At the InterGeo conference in Stuttgart today, Kevin Sartori, Co-Founder of Auterion and an ambassador for open source software for drones, says the drone industry is going through a transformation – and his analogy to the auto industry is both fascinating and a bit frightening for industry watchers.
The Model T and the Start of Scale for an Industry
100 years ago, says Sartori, the Ford Model T represented the very beginning of scaling the auto industry. The Model T had product market fit, and it has many of the same components that we recognize in cars today. “Standards bodies began to be created,” explains Sartori, “to make sure that an M12 screw was an M12 screw, and we all understood the tolerances around that definition.”
“Before that point,” says Sartori, “Every auto manufacturer built every component of their own car. That doesn’t scale.”
But in the 100 years since the Model T was manufactured, the automotive industry has gone from over 5000 manufacturers to the relatively few that we recognize today. And like it or not, the drone industry has seen a few leading players close their doors over the last couple of years, heralding that same cycle of consolidation.
Software Defined Drones
Software is how we define things now, says Sartori – like phones, that we automatically categorize as iOS or Android. And software is how we will come to define drones, too, as it comes to define not only the aircraft but an entire ecosystem.
Sartori is the co-founder of Auterion – they’re the Red Hat of the drone industry, serving as a distributor and enabler for open source software for drones. He’s a proponent of open source, and a believer that open source software is the key to scalability in the drone industry. There’s data and history to support the idea. As drone manufacturing giant DJI is often compared to Apple, open source drones are frequently compared to Android – and Sartori points out that Android is based on open source Linux, and as more than 87 percent of phones are now Android, that makes it the most used software in the world.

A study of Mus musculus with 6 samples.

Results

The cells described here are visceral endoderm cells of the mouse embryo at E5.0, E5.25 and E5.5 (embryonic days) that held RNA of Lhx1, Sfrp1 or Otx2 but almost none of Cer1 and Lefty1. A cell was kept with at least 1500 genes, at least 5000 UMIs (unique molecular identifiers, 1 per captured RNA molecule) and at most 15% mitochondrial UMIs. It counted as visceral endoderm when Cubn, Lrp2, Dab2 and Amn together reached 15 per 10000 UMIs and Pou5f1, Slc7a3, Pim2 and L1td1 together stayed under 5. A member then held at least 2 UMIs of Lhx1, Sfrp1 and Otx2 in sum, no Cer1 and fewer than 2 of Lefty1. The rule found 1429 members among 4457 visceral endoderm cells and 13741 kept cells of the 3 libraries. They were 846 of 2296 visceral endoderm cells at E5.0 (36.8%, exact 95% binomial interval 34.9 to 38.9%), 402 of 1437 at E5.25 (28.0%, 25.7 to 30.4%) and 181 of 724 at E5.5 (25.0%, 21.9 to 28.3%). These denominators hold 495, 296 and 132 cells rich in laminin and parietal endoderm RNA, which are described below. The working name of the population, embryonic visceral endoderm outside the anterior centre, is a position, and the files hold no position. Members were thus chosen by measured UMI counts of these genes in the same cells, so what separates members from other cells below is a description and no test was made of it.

Software Defined Drones: the Components are in Place
“In a software defined drone system you don’t care about the drone,” says Sartori. “You care about getting the data and using it.” To do that, you need an ecosystem of software products: something to plan flights, something to fly the aircraft, and a way of communicating the data as it’s collected. Based around PX4 – which Sartori says is like the Linux kernel – that whole ecosystem is already in place. PX4 autopilot, MavLink Communications and MavLink SDK, Q Ground Control: all of the software is open source.
The open source aspect means that hundreds of professionals are working on the code – and that’s an advantage the vast majority of drone companies can’t compete with. Just as the top contributors to Linux are now major companies like Microsoft and Intel, so are the top contributors to open source software for drones. Governments are investing heavily in open source for drones; so are large legacy companies and industry organizations.
Don’t. Just Don’t.
All of this, says Sartori, indicates that open source drones are poised to scale dramatically – just as the auto industry did. So Sartori has a clear message for new drone companies. “Open source software is enabling the next level of scale in the drone industry,” says Sartori. “Don’t reinvent the wheel. Don’t be redundant. Use what’s out there.”
“Technology doesn’t differentiate you,” Sartori says. “It’s the service that you provide that differentiates you.”
Miriam McNabb is the Editor-in-Chief of DRONELIFE and CEO of JobForDrones, a professional drone services marketplace, and a fascinated observer of the emerging drone industry and the regulatory environment for drones. Miriam has a degree from the University of Chicago and over 20 years of experience in high tech sales and marketing for new technologies.